Washington Man Pleads Guilty To Conspiracy To Export Computers And Services To Iran
Tampa, Florida - Acting United States Attorney A. Lee Bentley, III announces that John Alexander Talley (42, Seattle, Washington), and his company, Tallyho Peripherals, Inc. d/b/a Enterprise Solutions Systems, today pleaded guilty to conspiracy to violate the International Emergency Economic Powers Act and the Iranian Transaction Regulations. Talley faces a maximum penalty of five years in federal prison.
According to the plea agreement, from approximately 2009 to September 2012, Talley and his company conspired with others to unlawfully export sophisticated enterprise level computer equipment from the United States to Iran, and to provide computer IT support services for the equipment, all in violation of the United States embargo. Talley’s role was to provide training and computer IT support to ensure that the computer equipment operated in Iran. In an effort to conceal their activities, the conspirators in the United States caused shipments of the computers and related equipment, as well as the payments for same, to travel to and from the United States and Iran through the United Arab Emirates. Similarly, payments for Talley’s support services were transmitted through the UAE.
On September 12, 2013, two Iranian nationals, Mahmood Akbari a/k/a John Wassermann and Reza Hajigholamali, and three United Arab Emirate “front” companies, Patco Group Ltd., Managed Systems and Services (FZC), and TGO General Trading LLC a/k/a Three Green Orbit, were indicted in connection with the same conspiracy to violate the Iranian Embargo. Those parties are charged with conspiracy to violate the International Emergency Economic Powers Act and the Iranian Transaction Regulations, and a conspiracy to commit international money laundering. If convicted, Akbari and Hajigholamali each face a maximum penalty of up to 40 years in federal prison.
On July 11, 2012, co-conspirator Mohammad Reza “Ray” Hajian and three of his companies, RH International LLC, Nexiant LLC, and P & P Computers LLC, pleaded guilty to conspiracy to violate the International Emergency Economic Powers Act and the Iranian Transaction Regulations. On October 18, 2012, Hajian was sentenced to four years in federal prison.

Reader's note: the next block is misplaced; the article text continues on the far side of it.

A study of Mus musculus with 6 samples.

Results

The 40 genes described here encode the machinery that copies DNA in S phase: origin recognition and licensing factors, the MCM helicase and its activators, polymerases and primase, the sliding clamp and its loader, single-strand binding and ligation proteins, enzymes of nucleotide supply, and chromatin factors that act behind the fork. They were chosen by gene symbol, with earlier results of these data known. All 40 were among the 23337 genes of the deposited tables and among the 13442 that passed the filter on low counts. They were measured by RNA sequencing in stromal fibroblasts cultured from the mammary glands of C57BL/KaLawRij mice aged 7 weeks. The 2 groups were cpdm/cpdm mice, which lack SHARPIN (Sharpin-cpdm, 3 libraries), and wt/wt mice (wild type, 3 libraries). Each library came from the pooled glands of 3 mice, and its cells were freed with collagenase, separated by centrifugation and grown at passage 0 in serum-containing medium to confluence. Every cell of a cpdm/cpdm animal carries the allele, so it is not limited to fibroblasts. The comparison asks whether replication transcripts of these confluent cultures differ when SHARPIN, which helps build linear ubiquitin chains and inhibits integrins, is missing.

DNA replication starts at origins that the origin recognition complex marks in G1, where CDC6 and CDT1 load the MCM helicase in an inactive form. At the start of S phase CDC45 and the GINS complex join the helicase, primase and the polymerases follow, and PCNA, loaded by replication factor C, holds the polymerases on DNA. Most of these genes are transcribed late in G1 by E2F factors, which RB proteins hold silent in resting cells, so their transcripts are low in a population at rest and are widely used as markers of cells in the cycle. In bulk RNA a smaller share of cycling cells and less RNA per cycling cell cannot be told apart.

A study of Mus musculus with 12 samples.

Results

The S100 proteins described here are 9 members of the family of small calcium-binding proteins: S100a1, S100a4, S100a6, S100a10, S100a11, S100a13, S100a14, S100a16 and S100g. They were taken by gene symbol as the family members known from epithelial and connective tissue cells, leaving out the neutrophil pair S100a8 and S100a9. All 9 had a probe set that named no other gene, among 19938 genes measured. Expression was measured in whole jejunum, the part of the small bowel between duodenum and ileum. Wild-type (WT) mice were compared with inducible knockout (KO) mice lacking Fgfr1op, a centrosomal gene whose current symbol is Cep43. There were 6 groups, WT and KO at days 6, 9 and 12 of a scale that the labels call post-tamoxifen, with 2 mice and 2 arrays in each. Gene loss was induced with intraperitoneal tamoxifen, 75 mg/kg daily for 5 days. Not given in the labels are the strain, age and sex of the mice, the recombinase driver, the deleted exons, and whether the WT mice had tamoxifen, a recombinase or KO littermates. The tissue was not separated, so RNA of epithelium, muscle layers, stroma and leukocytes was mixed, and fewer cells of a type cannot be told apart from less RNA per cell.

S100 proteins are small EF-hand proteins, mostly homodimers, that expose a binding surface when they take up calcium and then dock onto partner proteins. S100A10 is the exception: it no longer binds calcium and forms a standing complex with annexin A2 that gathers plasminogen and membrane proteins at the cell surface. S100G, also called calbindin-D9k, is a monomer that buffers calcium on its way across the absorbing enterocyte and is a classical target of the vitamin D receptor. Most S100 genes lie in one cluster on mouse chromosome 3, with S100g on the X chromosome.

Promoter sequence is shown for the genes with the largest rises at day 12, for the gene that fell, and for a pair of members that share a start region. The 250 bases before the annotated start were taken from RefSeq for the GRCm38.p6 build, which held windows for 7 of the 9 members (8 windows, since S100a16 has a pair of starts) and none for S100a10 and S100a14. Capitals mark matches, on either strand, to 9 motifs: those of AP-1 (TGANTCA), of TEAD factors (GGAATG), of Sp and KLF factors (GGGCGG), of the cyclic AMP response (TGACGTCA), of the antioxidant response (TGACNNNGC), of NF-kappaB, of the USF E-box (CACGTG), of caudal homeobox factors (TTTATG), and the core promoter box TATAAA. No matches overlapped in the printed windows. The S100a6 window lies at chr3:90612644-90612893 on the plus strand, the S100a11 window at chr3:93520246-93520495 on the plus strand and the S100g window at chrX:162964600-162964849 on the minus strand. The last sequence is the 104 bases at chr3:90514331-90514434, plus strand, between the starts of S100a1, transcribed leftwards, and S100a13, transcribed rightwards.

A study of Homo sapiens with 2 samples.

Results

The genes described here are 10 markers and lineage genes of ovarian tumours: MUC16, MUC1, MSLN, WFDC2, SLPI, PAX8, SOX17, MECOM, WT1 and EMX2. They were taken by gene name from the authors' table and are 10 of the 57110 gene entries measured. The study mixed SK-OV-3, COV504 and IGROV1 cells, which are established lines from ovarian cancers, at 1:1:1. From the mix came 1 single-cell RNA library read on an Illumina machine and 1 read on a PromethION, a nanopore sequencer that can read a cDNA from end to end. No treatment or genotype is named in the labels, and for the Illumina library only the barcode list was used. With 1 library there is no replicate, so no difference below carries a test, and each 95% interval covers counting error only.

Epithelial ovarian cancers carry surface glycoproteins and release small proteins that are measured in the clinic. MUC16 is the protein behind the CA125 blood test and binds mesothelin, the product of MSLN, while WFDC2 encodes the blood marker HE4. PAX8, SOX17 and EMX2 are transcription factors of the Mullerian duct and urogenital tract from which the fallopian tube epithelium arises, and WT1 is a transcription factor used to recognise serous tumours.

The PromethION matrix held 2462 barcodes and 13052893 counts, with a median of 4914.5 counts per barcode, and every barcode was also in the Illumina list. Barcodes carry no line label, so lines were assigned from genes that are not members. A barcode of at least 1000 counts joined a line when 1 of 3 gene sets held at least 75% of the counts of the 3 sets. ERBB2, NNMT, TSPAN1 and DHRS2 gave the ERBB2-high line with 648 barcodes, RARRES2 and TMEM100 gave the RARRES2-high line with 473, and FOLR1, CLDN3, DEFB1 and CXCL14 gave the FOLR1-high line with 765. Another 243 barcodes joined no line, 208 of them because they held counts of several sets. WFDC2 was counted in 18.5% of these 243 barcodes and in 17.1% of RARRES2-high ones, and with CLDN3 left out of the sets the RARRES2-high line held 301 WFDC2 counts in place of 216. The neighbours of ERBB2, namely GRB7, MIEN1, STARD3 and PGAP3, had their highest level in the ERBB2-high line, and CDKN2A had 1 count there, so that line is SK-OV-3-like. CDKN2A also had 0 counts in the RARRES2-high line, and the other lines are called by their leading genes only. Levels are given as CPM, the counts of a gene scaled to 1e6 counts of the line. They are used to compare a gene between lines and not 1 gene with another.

"The magnitude and scope of the threats facing the United States has never been greater than today, and that's why Homeland Security Investigations investigates individuals who try to export sensitive technologies to embargoed nations," said Sue McCormick, special agent in charge of Homeland Security Investigations Tampa. "Homeland Security Investigations and our partners at the Department of Commerce take pride in protecting our country, and today’s guilty plea is the latest example of our effective investigative efforts."
"Today's guilty plea is another step to dismantle a complex diversion scheme to illegally divert U.S.-origin technology through the United Arab Emirates to Iran. We will continue to pursue those who present a threat to our national security and prosecute them to the fullest extent of the law," said Robert Luzzi, Special Agent-in-Charge, U.S. Department of Commerce, Bureau of Industry and Security, Office of Export Enforcement, Miami Field Office.
An indictment is merely a formal charge that a defendant has committed a violation of the federal criminal laws, and every defendant is presumed innocent unless, and until, proven guilty.
This case was investigated by U.S. Immigration and Customs Enforcement’s Homeland Security Investigations and the U.S. Department of Commerce, Office of Export Enforcement. It is being prosecuted by Assistant United States Attorneys Rachelle DesVaux Bedke and Mark E. Bini and U.S. Department of Justice Trial Attorney Mariclaire Rourke.